Which leads me to what I did on Saturday.
I went to a bodybuilding competition. Not as a competitor (snort). As a supporting fan of my awesome 44-year-old friend, Beth, who was approached in the early days of summer by someone willing to sponsor her for this event. If she'd consider it. Turns out Beth is willing to try new experiences too.
She had to work out (which is nothing new or no big deal for her). Beth was in awesome shape to start.
She had to follow a strict diet (which involved cutting out all carbs and sugar and eating predominantly protein).
She had to practice. Practice posing. Practice flexing certain muscles at certain times and then practice flexing all her muscles at other times.
She had to practice doing all this wearing high heels and a bathing suit and glittery eye shadow. And a smile.
She had to step FAR outside her comfort level to participate in the whole pageantry portion of showing off exactly what she had been working on.
She was nervous. I was intrigued.
The whole thing was fascinating! As members of the audience, my friend and I (also named Beth) had incredible seats to some of the best people watching ever. Better than the airport (and I do love airport people watching).
The people in the audience seemed to know a lot about what the people on stage should be doing. They called it out as if at a basketball game. Instead of, "Shoot it!" or "Rebound!" the fans yelled, "Flex it!" or "Squeeze it!" They would offer up specific advice like, "Watch your arms!" or just a quick, "Legs! Your legs!"
I had questions. The other Beth and I decided we needed a program explaining each of the divisions and what the judges were looking for. We wanted to look for it too. On a break, we got to see Beth and I told her I'd yell "Squeeze it!"the next time she was on stage, but it looked like she already was. Expertly.
The women were beautiful and toned. I had prepared myself for some grotesque muscle heads but the women were feminine and would still look amazing with normal clothes on. That was my "test" when I watched each person (male or female) in this competition. That is why we were there, to judge their muscular physique, so I don't feel bad about what I was doing (so don't go and try to make me feel bad.)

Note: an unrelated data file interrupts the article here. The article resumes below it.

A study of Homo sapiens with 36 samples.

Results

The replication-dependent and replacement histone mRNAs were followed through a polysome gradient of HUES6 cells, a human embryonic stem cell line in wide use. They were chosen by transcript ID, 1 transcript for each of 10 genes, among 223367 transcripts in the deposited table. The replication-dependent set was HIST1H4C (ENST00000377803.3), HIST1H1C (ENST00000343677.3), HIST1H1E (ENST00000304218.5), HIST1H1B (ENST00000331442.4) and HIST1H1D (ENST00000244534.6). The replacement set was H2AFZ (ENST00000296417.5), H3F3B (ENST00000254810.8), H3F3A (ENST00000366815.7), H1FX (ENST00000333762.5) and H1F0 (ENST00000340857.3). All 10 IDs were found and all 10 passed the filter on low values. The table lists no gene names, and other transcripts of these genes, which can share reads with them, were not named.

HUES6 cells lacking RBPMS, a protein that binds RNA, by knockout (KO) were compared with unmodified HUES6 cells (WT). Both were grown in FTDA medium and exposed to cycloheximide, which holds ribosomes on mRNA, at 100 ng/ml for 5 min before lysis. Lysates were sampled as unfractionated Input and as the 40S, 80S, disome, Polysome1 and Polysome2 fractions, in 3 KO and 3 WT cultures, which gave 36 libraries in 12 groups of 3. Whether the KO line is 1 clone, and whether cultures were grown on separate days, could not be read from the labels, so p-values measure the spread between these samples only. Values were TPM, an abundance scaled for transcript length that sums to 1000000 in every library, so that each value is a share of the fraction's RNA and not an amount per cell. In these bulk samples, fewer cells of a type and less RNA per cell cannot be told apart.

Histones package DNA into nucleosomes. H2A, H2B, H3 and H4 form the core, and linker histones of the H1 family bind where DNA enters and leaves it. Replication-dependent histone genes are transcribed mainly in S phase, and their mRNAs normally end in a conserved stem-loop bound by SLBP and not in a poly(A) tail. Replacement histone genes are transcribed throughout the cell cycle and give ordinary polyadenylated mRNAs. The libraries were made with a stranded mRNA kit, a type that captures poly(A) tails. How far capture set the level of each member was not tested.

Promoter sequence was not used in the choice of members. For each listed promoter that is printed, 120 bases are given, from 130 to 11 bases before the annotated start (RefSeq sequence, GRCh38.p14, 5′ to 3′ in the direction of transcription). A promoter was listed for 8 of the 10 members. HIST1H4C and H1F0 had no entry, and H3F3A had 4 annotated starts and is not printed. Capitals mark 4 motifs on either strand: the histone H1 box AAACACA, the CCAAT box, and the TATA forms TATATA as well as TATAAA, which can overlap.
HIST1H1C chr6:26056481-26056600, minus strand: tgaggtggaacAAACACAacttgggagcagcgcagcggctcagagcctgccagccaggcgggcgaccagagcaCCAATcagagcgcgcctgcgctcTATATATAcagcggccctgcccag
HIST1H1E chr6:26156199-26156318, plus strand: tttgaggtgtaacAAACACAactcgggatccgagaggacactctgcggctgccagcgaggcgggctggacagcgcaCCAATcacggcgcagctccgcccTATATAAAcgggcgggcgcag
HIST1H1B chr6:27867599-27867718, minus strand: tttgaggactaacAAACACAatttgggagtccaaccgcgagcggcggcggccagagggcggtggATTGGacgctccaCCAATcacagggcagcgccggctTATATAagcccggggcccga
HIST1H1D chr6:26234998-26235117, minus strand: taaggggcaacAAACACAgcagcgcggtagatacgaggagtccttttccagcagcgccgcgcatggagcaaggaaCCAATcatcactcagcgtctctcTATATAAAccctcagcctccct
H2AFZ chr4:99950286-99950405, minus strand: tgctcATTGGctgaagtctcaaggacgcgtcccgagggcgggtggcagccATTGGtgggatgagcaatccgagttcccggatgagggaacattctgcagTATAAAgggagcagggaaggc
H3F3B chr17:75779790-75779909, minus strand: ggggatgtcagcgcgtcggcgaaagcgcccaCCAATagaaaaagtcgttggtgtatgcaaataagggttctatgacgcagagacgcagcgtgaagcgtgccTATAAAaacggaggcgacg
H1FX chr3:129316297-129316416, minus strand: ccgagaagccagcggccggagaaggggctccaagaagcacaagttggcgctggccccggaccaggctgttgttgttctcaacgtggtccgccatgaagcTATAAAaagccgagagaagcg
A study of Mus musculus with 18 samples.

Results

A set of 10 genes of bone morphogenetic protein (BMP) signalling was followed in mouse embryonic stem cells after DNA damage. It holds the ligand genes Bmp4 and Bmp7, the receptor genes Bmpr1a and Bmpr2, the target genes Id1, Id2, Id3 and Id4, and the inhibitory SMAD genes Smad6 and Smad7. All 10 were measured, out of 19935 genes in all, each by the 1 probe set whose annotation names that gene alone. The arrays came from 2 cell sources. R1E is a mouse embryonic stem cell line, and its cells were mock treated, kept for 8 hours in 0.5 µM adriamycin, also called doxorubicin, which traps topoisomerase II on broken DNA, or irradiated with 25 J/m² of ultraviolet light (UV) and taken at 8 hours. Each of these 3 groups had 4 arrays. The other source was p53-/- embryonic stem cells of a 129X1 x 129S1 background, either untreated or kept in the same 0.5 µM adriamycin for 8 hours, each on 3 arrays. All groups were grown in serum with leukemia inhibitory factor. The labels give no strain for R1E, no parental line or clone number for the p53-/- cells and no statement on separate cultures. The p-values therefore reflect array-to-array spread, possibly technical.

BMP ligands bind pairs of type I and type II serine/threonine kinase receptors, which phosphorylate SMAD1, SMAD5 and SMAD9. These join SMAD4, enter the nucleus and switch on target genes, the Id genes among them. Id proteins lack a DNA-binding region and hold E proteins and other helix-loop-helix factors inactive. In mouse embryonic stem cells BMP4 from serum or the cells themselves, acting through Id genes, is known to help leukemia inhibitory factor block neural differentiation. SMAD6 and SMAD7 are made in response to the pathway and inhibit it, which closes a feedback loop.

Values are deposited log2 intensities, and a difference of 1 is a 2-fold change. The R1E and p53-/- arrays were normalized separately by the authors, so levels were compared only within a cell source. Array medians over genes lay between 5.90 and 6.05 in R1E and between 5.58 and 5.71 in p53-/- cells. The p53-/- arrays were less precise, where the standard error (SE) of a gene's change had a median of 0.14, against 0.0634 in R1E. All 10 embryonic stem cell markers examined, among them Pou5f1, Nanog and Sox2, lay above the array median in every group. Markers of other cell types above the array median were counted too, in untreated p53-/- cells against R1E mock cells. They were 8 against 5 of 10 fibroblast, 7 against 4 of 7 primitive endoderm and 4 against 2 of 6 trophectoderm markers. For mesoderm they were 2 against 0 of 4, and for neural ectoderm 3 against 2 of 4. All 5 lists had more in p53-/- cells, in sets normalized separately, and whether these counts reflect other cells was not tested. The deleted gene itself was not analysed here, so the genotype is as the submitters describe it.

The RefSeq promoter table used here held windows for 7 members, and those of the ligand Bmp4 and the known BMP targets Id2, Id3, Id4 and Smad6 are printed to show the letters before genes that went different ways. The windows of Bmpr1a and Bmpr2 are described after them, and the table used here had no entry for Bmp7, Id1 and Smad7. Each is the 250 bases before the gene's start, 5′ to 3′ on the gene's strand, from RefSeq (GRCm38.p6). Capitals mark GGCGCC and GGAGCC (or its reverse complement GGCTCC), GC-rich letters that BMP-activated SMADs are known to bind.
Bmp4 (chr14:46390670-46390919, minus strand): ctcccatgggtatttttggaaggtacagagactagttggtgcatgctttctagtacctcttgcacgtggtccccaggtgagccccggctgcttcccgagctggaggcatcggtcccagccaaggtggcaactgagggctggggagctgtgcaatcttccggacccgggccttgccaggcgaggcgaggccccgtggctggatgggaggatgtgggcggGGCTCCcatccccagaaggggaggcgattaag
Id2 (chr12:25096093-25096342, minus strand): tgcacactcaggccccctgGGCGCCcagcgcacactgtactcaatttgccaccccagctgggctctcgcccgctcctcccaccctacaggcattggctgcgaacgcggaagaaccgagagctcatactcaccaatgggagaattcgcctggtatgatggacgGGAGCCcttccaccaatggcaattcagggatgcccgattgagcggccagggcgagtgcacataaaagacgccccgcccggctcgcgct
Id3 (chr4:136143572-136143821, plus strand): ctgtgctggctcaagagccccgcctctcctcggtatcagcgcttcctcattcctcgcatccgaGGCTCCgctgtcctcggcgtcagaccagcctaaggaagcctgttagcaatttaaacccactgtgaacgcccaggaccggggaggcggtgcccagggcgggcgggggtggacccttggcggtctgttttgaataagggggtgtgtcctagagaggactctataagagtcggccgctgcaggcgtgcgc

I would look at each bulging bicep or toned thigh and think: but would they look good in jeans? Could they pull off a tight weave non stretch cotton dress shirt? For most of the women, the answers were astoundingly yes. For a good majority of the men, the answers were absolutely no. For a select few of the men, I worried if they could EVER find a sport coat that wouldn't split every time they reached out to shake someone's hand.
Even Superman's Clark Kent looked good in a suit for work. I'm just saying.
Some of the men looked chiseled out of smooth marble--a testament of what the body is capable of in its highest, truest form. Art. Flat-out-statue-of-David art. Some looked clunked together out of rock: lumpy and large where even their jaw muscles were pumped up and flexed. Almost comic book villianesque. You know, extreme.
The people in the crowd were an interesting mix. Family, fellow physically fit friends, little kids, and then us: two chicks who looked like they got lost on their way to find a crafts bizarre.
I have to say, I liked watching the women the best. Not just because I could cheer on my friend, but because they were soft on the eyes, natural, not "I just got dropped in a vat of toxic waste and now my arms look like this" (fyi: she was sitting across the aisle about 10 chairs over from us). Extreme.
There was one division that didn't seem to involve any physical flexing of muscles but more of a bikini-clad "oh, wait, is this NOT the tryouts for the new Poison video?"
Yes, sadly, there was an entire division of girls that didn't flex but felt compelled to "pose" in every overtly non-athletic way that left me feeling as if I needed to pray for them right then and there after singing "Jesus Loves Me" really loud first. While standing on top of my chair. I didn't (do the singing part at least).
Overall, I was so glad I went. I didn't walk away feeling bad about myself or with a bad case of the "gimmies". I'm not allowed to go to house or garden tours anymore because of the "gimmies" I bring home every time. (Gimmie that kitchen island, gimmie that mudroom, gimmie that open floor plan). Don't get me wrong, I would LOVE to have the abs of some of those women, but I didn't obsessively think about it. That's showing growth for me. (Yeah, me!)
This time I walked away thinking what a luxury it is to live in a time and place that a select group of people can get sponsored to work out and get muscular. And people like me will come and watch the results of their hard work. Beth ended up with two fourth place trophies for the novice and masters divisions. Get this, a master is anyone 35 years old and up. Ouch.
Beth let me play with her trophies.
I am so proud of her. For doing the hard work. Stepping outside her comfort level. Being open to a new experience.
That caused the other Beth and I to think about other shows and how they get their own sponsorships and followings like craft shows, antique/flea markets and then that went right into Comic Con. The ultimate in new experiences from what I hear.
Maybe next year?
What about you? What recent event have you witnessed that was a brand new experience for you?